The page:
Preprints
https://doi.org/10.5194/nhess-2023-102
https://doi.org/10.5194/nhess-2023-102
03 Jul 2023
 | 03 Jul 2023
Status: a revised version of this preprint was accepted for the journal NHESS and is expected to appear here in due course.

Simulating sea level extremes from synthetic low-pressure systems

Jani Särkkä, Jani Räihä, Mika Rantanen, and Matti Kämäräinen

Abstract. In this article we present a method for numerical simulations of extreme sea levels using synthetic low-pressure systems as atmospheric forcing. Our simulations can be considered as estimates of the high sea levels that may be reached when a low-pressure system of high intensity and optimal track passes the studied region. We test the method using sites located along the Baltic Sea coast and simulate synthetic cyclones with various intensities and tracks. To model the effects of the cyclone properties on sea level, we simulate internal Baltic Sea water level variations with a numerical two-dimensional hydrodynamic model, forced by an ensemble of time-dependent wind and air-pressure fields from synthetic cyclones. The storm surges caused by the synthetic cyclones come on top of the mean water level of the Baltic Sea, for which we used a fixed upper estimate of 100 cm. We find high extremes in the northern Bothnian Bay and in the eastern Gulf of Finland, where the sea level extreme due to the synthetic cyclone reach up to 3.5 meters. In the event that the mean water level of the Baltic Sea has a maximal value (1 meter) during the cyclone, highest sea levels of 4.5 meters could thus be reached. We find our method to be suitable for use in further studies of sea level extremes.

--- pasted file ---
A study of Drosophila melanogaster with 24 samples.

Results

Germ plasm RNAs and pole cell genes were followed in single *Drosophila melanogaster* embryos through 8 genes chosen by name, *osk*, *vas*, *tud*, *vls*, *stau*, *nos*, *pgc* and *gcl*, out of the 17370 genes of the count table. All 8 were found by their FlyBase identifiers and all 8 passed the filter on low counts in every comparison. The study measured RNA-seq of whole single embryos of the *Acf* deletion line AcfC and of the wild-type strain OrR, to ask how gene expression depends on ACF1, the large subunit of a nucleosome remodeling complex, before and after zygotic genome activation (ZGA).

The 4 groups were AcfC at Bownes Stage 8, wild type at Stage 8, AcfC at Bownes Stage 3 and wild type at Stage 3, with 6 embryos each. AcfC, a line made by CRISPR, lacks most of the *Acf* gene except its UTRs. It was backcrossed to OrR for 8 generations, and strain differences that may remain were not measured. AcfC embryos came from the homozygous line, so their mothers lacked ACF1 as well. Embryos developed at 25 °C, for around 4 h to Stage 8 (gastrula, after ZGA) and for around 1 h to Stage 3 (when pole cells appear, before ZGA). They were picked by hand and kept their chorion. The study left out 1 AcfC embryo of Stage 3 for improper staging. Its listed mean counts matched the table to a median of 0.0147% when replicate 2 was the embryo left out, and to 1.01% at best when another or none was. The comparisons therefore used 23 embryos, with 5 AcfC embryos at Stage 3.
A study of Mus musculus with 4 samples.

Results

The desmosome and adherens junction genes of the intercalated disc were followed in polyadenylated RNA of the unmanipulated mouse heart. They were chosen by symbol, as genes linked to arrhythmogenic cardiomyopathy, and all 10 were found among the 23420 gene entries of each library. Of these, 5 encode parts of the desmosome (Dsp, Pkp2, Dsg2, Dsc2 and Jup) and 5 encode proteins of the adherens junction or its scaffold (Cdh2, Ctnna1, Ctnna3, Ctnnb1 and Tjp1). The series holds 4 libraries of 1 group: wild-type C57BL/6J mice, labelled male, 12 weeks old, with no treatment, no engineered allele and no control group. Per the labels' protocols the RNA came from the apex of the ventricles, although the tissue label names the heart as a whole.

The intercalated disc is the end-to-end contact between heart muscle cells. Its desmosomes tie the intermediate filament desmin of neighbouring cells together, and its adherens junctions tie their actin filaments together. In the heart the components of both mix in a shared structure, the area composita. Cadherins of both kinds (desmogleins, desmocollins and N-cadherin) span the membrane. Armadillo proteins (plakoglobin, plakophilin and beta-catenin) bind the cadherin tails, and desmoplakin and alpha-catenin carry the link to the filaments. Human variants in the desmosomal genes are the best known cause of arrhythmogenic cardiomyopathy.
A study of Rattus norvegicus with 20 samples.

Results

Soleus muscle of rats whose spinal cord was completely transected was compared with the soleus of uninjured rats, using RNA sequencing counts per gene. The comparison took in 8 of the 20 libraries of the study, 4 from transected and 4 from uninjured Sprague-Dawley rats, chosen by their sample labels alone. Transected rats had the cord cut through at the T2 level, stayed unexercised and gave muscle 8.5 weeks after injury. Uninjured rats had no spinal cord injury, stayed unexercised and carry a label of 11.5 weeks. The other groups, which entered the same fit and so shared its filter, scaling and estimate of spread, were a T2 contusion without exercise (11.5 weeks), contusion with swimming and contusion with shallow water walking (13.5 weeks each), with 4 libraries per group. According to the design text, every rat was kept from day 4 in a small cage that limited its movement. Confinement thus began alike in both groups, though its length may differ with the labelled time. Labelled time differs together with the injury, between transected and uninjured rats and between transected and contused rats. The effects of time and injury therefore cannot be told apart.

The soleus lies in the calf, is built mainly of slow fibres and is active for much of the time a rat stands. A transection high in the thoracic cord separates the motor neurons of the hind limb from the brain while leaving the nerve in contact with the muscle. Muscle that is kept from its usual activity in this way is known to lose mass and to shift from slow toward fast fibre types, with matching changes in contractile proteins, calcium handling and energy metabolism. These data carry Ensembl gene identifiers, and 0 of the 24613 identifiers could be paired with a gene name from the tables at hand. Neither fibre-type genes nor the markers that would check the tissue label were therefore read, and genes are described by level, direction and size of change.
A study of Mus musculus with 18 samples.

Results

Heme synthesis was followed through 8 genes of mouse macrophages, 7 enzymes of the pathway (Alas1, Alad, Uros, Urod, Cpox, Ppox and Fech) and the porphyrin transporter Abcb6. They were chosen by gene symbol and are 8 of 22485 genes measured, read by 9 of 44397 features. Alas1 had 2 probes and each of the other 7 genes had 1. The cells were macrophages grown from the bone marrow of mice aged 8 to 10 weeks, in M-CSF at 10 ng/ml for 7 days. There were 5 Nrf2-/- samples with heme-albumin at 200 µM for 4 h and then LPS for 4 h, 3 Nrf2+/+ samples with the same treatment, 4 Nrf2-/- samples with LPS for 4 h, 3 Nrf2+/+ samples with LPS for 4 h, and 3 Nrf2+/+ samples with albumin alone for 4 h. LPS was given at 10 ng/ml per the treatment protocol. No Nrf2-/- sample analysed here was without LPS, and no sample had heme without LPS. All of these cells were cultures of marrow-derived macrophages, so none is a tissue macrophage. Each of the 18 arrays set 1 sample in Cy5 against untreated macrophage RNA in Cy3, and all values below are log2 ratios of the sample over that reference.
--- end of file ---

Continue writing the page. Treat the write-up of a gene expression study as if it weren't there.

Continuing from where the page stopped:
Publisher's note: Copernicus Publications remains neutral with regard to jurisdictional claims made in the text, published maps, institutional affiliations, or any other geographical representation in this preprint. The responsibility to include appropriate place names lies with the authors.
Jani Särkkä, Jani Räihä, Mika Rantanen, and Matti Kämäräinen

Status: closed

Comment types: AC – author | RC – referee | CC – community | EC – editor | CEC – chief editor | : Report abuse
  • RC1: 'Comment on nhess-2023-102', Anonymous Referee #1, 21 Jul 2023
    • AC1: 'Reply on RC1', Jani Särkkä, 28 Nov 2023
  • RC2: 'Comment on nhess-2023-102', Anonymous Referee #2, 08 Oct 2023
    • AC2: 'Reply on RC2', Jani Särkkä, 28 Nov 2023

Status: closed

Comment types: AC – author | RC – referee | CC – community | EC – editor | CEC – chief editor | : Report abuse
  • RC1: 'Comment on nhess-2023-102', Anonymous Referee #1, 21 Jul 2023
    • AC1: 'Reply on RC1', Jani Särkkä, 28 Nov 2023
  • RC2: 'Comment on nhess-2023-102', Anonymous Referee #2, 08 Oct 2023
    • AC2: 'Reply on RC2', Jani Särkkä, 28 Nov 2023
Jani Särkkä, Jani Räihä, Mika Rantanen, and Matti Kämäräinen
Jani Särkkä, Jani Räihä, Mika Rantanen, and Matti Kämäräinen

We study the relationship between tracks of low-pressure systems and related sea level extremes. We perform the studies by introducing a method to simulate sea levels using synthetic low-pressure systems. We test the method using sites located along the Baltic Sea coast. We find high extremes, where the sea level extreme reach up to 3.5 meters. In addition that, we add the maximal value of the mean level of the Baltic Sea (1 m) leading to sea level of 4.5 meters.